Check This Out: Diane Severin Nguyen’s K-Pop-Inspired Solo at the CAMH

On the heels of Ghanaian painter Amoako Boafo’s solo presentation, the CAMH is back with the first museum solo exhibition, photo-based artist Diane Severin Nguyen.

By Amarie Gipson October 31, 2022

Installation view of Diane Severin Nguyen: IF REVOLUTION IS A SICKNESS at Contemporary Arts Museum Houston, 2022. Photo by Sean Fleming.

Image: Sean Fleming

What happens when revolutionary rhetoric gets stripped of its radical intention? This is a core question for visual artist Diane Severin Nguyen’s solo exhibition IF REVOLUTION IS A SICKNESS, on view now at the Contemporary Arts Museum Houston. The exhibition is a collaborative effort by The Renaissance Society in Chicago and the SculptureCenter in New York, with CAMH as its third and final stop. 

Nguyen, who works primarily with photography and image-based techniques, is clearly fascinated by the transformative power of the lens. The museum’s main gallery is bathed in an immersive red light and accentuated by a soft red sea of carpet. Placed at the top of the room is a nearly 20-foot projector screen nestled within a large, curtained stage that resembles the inside of a school auditorium. 

Installation view of Diane Severin Nguyen: IF REVOLUTION IS A SICKNESS at Contemporary Arts Museum Houston, 2022. Photo by Sean Fleming.

Image: Sean Fleming


The show orbits around an 18-minute video with a loose narrative about a fictional young Vietnamese orphan who washes ashore in Warsaw, Poland. She navigates the unfamiliar environment on her own but eventually finds community among a K-Pop-inspired group of teenage dancers. Together, they perform at various public sites in Poland, like the Jewish Cemetery and the Palace of Science and Culture, donned in Communist red and yellow. The video is a visually stirring coming-of-age story with a unique perspective on transnationalism and history.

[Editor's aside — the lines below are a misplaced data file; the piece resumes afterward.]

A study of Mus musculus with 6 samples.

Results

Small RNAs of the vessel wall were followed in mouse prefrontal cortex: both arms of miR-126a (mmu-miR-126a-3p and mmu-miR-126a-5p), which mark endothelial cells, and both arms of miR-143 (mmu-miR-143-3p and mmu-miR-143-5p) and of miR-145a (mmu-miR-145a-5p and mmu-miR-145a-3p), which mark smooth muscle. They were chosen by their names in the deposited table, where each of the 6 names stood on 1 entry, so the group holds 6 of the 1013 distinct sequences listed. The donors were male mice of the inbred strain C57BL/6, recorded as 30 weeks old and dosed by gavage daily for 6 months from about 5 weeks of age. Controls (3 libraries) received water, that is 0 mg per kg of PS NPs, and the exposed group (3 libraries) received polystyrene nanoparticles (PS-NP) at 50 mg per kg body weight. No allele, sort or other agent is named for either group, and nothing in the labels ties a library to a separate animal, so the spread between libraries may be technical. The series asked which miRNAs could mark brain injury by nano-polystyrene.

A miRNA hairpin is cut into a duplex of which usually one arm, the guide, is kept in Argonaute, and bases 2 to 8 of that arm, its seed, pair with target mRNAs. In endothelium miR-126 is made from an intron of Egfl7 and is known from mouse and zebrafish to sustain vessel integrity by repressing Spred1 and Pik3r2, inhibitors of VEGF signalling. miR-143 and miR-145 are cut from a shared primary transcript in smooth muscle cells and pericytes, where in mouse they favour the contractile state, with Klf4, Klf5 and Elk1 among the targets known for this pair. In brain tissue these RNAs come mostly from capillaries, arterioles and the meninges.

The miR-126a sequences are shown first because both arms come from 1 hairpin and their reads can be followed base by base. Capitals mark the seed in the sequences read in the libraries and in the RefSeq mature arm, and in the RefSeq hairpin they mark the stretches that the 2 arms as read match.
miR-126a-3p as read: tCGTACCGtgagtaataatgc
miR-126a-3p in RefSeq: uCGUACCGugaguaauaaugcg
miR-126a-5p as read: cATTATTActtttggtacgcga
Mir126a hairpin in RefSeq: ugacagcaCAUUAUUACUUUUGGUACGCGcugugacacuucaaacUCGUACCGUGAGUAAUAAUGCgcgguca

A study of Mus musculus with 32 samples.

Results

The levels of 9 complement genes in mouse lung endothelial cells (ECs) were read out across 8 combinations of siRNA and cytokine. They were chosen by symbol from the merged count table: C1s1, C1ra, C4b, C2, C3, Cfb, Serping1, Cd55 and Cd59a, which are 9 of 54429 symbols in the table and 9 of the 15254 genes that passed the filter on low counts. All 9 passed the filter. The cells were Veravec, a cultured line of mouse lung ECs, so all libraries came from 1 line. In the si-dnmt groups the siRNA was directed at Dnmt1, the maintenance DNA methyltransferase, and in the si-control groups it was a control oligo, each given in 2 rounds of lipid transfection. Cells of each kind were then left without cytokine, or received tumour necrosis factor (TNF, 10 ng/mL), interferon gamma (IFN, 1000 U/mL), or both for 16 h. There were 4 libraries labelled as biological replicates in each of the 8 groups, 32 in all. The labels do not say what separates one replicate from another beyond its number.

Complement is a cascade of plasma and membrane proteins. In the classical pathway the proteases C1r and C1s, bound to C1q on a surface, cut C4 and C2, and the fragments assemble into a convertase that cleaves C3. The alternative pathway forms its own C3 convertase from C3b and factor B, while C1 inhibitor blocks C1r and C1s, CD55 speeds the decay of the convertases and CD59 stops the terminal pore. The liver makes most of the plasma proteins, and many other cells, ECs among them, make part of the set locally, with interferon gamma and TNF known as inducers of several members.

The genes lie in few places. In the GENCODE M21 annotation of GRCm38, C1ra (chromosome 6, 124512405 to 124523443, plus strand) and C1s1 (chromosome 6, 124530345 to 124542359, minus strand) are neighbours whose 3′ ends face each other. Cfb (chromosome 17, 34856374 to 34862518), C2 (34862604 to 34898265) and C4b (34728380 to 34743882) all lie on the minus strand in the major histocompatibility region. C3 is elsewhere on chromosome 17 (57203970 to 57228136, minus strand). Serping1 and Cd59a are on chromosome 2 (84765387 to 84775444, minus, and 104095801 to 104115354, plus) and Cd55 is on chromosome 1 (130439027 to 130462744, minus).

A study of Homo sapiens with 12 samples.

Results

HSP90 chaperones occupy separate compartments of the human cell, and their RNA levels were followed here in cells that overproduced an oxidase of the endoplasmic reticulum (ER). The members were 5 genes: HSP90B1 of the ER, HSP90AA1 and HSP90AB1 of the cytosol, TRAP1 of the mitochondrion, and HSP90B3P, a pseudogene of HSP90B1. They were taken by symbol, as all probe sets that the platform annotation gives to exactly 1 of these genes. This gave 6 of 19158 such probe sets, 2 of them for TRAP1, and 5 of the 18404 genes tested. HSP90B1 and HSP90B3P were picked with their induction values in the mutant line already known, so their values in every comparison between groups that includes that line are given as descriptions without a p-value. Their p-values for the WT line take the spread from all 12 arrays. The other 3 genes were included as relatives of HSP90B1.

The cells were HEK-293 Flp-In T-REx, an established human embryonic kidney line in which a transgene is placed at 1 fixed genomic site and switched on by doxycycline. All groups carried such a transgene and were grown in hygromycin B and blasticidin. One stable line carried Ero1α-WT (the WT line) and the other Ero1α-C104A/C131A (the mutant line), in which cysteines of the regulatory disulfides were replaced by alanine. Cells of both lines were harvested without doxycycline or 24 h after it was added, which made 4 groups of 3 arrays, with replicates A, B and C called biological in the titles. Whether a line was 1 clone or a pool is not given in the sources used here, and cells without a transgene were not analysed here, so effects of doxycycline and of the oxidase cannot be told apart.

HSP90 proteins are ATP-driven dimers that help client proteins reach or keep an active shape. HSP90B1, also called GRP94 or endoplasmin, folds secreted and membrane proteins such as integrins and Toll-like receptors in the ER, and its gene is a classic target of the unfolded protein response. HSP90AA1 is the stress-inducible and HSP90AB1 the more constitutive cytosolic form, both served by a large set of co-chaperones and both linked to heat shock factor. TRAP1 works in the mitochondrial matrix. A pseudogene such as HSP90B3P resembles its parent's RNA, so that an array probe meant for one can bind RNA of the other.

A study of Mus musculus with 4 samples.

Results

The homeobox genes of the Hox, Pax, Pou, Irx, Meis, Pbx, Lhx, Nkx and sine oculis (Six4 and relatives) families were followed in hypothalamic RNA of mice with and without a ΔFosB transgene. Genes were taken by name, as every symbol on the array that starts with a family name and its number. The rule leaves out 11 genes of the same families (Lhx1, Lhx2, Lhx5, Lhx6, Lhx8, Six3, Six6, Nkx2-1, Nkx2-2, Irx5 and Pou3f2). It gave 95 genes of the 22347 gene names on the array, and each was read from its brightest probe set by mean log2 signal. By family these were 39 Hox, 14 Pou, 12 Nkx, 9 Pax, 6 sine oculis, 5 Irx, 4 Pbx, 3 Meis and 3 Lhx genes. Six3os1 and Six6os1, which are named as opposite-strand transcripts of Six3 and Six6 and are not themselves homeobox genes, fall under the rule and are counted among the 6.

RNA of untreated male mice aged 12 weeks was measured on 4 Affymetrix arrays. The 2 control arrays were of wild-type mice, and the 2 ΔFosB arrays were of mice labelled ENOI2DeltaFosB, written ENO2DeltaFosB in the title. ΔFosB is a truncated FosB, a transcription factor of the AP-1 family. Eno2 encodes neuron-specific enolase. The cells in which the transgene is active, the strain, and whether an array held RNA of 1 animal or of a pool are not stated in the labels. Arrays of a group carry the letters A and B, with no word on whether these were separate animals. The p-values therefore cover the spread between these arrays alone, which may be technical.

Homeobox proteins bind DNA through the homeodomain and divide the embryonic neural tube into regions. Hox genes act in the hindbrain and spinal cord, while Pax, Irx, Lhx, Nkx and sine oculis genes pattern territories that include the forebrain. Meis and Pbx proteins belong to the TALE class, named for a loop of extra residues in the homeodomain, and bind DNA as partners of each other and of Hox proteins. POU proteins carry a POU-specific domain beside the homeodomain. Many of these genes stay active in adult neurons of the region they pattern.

Nguyen shot on-site in Poland during a two-month residency in 2021, where she worked to find a cast of talented teenagers, including the short film’s main character, a high schooler named  Weronika Nguyen, who she found randomly via an Instagram search. The result is an intimate, cinematic portrait that’s expertly choreographed and edited. Because Poland has a massive Vietnamese population due to migration and the Vietnam War, and Texas is home to the second largest population of Vietnamese people in the U.S. after California, the exhibition's Houston debut has a solid local resonance. 

Nguyen’s affinity for both light—she works primarily with photography and image-based processes—and architecture shine through in CAMH’s presentation of the show. In addition to the video installation, the exhibition includes a series of photographs and architectural experiments peppered throughout the museum’s main gallery. (In January 2023, keep your eyes peeled for a public art commission that will take the form of a billboard along the Southwest freeway in Midtown.)